Cole McBay is only 11. But last year he suffered his first major league injury. He tore his anterior cruciate ligament, or ACL.
"I knew something felt wrong in my knee. It was hurting a lot," said McBay.
The ACL is like a rubber band that stabilizes the knee.
"Without this, if this is gone or torn, your knee will pop out of place," explained Dr. John Xerogeanes. He is Chief of Sports Medicine at Emory Orthopedic and Spine Center.
He said surgical repair is routine for ACL tears in adults but problematic for kids.
"A traditional reconstruction goes right across (here), right across the growth plate. We don't want to do that. You may help their degeneration of their knee by preventing further injury. But you could damage them by going through the growth plate, and potentially causing a growth disturbance or a misalignment of their leg," said Dr. Xerogeanes.
Emory and Georgia Tech researchers developed a new 3-D MRI technology. They say using their data before surgery doctors can accurately pre-plan a safer ACL reconstruction in kids.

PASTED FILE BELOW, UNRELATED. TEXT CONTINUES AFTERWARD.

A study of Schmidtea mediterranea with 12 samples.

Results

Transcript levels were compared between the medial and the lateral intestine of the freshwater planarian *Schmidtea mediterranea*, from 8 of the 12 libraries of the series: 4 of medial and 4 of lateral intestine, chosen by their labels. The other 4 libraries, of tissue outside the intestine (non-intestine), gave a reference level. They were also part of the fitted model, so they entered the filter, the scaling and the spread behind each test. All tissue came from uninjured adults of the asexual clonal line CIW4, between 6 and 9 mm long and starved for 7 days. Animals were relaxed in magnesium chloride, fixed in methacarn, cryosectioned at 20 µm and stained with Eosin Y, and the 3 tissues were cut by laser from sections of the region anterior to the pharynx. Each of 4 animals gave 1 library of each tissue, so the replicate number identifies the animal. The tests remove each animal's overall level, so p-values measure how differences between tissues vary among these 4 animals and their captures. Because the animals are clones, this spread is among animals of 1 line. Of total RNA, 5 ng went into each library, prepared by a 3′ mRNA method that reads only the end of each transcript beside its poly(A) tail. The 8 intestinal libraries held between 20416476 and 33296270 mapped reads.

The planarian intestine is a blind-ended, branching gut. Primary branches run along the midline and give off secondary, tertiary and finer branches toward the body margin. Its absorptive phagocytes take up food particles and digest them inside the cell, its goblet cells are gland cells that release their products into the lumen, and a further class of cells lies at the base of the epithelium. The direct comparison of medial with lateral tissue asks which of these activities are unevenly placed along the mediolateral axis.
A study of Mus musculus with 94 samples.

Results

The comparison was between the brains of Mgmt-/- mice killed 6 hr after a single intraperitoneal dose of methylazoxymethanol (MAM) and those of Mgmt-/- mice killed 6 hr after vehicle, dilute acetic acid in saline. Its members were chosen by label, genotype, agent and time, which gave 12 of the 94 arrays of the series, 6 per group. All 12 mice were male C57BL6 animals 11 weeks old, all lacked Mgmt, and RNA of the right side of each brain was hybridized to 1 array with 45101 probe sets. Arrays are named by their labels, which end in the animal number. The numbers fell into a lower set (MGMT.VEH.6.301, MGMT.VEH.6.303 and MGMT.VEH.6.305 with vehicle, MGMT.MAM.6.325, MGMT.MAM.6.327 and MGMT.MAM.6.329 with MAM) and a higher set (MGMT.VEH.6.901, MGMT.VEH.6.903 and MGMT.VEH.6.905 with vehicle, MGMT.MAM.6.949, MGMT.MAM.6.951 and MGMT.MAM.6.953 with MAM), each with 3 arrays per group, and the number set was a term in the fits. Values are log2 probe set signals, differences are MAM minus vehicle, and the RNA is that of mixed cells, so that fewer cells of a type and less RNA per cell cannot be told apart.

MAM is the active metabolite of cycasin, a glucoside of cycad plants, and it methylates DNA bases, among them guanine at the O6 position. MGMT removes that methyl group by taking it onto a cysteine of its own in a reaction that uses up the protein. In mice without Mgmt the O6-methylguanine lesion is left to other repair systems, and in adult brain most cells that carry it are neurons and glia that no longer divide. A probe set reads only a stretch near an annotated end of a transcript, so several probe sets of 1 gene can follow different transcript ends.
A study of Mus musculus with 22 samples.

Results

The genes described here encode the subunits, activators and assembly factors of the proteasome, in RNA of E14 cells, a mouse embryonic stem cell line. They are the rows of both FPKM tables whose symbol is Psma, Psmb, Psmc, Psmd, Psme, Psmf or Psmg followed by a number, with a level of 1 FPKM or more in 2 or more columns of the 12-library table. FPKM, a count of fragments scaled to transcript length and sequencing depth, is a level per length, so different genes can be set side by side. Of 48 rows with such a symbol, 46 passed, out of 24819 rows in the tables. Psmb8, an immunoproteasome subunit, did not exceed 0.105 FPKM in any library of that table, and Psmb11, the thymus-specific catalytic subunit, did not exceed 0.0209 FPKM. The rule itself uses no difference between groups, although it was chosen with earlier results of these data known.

"And it's one hundred percent reliable that we can use a large, a fairly large tunnel, larger than we've ever thought we can use before. And never hit the growth plate," said Dr. Xerogeanes.
"He found a way to fix my knee, and get me back playing sports again," McBay said of his surgeon.
Now a year after surgery, Cole has grown stronger and four inches taller. He's a young athlete who's glad to be back in the lineup.
Doctors say successful ACL surgery for kids can mean better outcomes down the road. Multiple studies show if surgery is not performed within two years of an ACL tear, another injury is more likely. And that can lead to degenerative arthritis.